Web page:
I am not allowed to be pissed off. I can’t be angry. Rage is forbidden. No wonder I am claustrophobic. I am suffocated by the pressure of my rules squeezing me tight like a boa constrictor, squeezing the life out of me. I get to live life as a sucked out shell with a smile on my face. I aim to please.
That is how I earn my worth. I am of service. Let me help you. I will make you happy. I am a service professional at the age of 14 busing tables, bringing bread, and fetching water. I get to please everyone. The waiters, the owners, the chefs, the customers. It is an extravaganza of pleasing. I wear my black Chinese slippers, bus girl uniform, and a smile, always a smile, always a fucking smile. I can feel myself recoil from my anger. I can feel my hatred of it and myself. I can feel me distancing myself from my rage. I force it to be silent, invisible, unfelt, and unacknowledged. But it has to come out somewhere.
It was early in my shift. There was a large round table of eight in the corner. They were American. Loud. Jovial. Happy. At the beginning of my shift, I stood on a chair in the middle of the room to light the candelabra, but it will be a while before candlelight imbues the room with its soft glow. It was the early evening. The first seating and it was still bright outside. The view of the straits filled the picture windows.
I arrived at the table of eight in this five-star fine dining establishment that overlooks the Juan de Fuca Straits from the Canadian side and ask, “Would you like some bread?”
My clothing was still clean and fresh. My white blouse unblemished by food spatter. My blue and white floral skirt, smooth, not yet wrinkled and limp. My hair was pulled back in a ponytail with a covered rubber band. Even though I dress plainly, I am told I look exotic. Most guests ask my nationality seemingly not to notice or care that they look at me like an animal in a zoo. They seem to think it is their right. Part of their dining experience. If they could get away with prodding and poking me I am sure they would.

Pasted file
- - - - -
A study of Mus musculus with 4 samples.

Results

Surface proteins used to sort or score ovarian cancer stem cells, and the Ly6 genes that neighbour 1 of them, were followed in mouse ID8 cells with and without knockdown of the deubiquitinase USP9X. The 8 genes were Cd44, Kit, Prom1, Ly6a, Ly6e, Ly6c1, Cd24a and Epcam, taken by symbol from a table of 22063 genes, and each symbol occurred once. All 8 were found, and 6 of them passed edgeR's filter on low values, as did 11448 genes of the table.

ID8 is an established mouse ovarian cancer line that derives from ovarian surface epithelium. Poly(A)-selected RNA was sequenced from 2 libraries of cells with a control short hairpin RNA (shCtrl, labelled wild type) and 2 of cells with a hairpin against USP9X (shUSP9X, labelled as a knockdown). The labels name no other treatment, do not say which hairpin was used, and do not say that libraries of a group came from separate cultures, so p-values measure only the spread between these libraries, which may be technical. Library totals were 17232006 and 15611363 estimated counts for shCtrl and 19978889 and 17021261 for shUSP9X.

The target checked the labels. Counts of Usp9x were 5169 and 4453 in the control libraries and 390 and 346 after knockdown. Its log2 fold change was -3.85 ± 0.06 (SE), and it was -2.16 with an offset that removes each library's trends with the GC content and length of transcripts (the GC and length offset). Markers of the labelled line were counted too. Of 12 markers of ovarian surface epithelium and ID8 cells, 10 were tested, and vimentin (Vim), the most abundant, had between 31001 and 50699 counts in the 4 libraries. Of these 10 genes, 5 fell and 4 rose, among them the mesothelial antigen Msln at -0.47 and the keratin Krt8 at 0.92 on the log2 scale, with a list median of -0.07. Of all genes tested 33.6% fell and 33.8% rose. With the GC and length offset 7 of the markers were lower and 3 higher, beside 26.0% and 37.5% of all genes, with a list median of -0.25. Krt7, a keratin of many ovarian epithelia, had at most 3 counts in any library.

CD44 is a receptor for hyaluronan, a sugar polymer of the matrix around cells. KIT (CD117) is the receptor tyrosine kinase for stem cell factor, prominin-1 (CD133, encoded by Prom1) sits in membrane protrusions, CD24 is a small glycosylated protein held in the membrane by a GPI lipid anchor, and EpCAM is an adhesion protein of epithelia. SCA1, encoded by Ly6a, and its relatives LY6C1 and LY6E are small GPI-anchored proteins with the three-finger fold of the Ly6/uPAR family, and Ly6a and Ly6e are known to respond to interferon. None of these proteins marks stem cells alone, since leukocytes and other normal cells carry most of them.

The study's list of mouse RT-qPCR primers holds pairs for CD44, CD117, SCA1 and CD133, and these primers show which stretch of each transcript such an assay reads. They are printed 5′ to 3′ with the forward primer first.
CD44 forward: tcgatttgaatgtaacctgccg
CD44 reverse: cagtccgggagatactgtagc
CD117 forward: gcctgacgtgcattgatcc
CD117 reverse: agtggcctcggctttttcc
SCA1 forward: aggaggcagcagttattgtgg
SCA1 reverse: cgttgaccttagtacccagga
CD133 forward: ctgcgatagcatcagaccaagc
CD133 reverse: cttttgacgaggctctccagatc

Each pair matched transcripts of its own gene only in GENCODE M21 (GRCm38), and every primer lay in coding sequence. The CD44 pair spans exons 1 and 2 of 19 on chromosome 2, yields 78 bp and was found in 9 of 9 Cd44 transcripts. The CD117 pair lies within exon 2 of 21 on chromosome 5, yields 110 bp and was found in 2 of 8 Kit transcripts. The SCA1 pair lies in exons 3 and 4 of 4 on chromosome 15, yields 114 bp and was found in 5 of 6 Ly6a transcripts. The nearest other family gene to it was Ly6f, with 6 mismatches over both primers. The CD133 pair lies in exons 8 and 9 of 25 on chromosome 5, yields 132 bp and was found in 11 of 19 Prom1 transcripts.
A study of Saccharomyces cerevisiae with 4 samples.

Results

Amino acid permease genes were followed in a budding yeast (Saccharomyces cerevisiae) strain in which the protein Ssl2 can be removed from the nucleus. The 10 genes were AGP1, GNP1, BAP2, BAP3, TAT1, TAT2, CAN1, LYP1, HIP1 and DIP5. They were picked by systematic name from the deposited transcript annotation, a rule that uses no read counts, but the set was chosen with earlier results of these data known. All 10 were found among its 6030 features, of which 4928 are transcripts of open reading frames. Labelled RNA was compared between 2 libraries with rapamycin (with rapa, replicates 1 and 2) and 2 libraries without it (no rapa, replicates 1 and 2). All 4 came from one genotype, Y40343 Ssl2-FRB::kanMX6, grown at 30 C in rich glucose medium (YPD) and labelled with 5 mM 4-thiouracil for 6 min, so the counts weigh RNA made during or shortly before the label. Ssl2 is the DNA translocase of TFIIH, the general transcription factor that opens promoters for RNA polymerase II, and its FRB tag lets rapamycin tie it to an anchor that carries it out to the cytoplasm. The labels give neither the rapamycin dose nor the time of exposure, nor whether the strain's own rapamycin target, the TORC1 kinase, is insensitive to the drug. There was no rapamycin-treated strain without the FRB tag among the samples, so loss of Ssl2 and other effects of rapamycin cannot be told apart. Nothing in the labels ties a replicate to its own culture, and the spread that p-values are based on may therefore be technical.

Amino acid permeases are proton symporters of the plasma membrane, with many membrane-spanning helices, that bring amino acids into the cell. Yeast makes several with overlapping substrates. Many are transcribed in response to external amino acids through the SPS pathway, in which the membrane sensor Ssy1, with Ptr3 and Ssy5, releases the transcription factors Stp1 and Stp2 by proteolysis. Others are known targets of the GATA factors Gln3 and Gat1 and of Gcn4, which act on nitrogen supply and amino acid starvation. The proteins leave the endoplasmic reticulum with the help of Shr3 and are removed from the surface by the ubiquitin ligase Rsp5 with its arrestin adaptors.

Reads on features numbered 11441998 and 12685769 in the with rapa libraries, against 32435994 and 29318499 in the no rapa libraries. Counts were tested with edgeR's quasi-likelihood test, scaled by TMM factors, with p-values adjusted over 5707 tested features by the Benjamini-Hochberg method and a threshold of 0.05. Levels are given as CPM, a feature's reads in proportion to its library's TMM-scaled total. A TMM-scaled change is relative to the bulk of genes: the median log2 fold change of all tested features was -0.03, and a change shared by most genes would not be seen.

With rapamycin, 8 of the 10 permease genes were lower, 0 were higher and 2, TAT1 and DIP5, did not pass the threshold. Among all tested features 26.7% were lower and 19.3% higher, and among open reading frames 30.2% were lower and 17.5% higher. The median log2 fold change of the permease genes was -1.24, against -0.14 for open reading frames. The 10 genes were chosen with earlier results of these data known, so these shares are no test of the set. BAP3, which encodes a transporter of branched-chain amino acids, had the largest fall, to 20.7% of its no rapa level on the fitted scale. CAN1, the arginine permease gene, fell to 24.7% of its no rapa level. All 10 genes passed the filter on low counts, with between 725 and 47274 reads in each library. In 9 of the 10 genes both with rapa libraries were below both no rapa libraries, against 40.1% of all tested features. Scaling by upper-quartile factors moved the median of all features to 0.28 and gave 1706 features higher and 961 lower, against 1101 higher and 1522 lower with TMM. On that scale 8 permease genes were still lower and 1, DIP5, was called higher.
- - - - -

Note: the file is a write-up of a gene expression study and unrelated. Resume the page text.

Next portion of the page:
The briny sea air filled the room with a freshness of ozone and seaweed that is pleasant to my nostrils. It reminds me that the untamed wild is not far off. The customers were relaxed. They wore casual clothing. The men in khaki pants and pastel short-sleeved shirts. The women in lightweight summer dresses, an array of blue, yellow, pink, and purple. They were large people physically and metaphorically. They took up more space than the corner they were sitting in. The white table cloth was pristine, and it’s stark modernity contrasted with the antique wooden chairs and their handmade circular quilted seat cushions that were tied to the chair spindles so they didn’t fall off. There was only one set of salt and pepper on the table. Plain, white ceramic. The guests looked up at me welcoming. “Ain’t you just the prettiest of the pretties!” said one of the men. I smiled and placed the basket of buns fresh from the bun oven in the kitchen on the table and walked away.
The next time I approached their table I brought ice water. Americans like their water cold. The pitcher was full and in one deft move, I poured the entire pitcher into the lap of the gentleman to my left. It was, of course, an accident, but the anger has to come out somewhere. The rage creates so much pressure it sometimes just tumbles out.
Rohini Ross is passionate about helping people wake up to their full potential. She is a transformative coach, leadership consultant, a regular blogger for Thrive Global, and author of the short-read Marriage (The Soul-Centered Series Book 1) available on Amazon. Rohini has an international coaching and consulting practice based in Los Angeles helping individuals, couples, and professionals embrace all of who they are so they can experience greater levels of well-being, resiliency, and success. Rohini is the author of the free ebook Relationships and the co-founder of The 29-Day Rewilding Experience and The Rewilding Community. You can also follow Rohini on Facebook, Twitter, and Instagram, and watch her Vlogs with her husband. To learn more about her work, visit her website therewilders.org.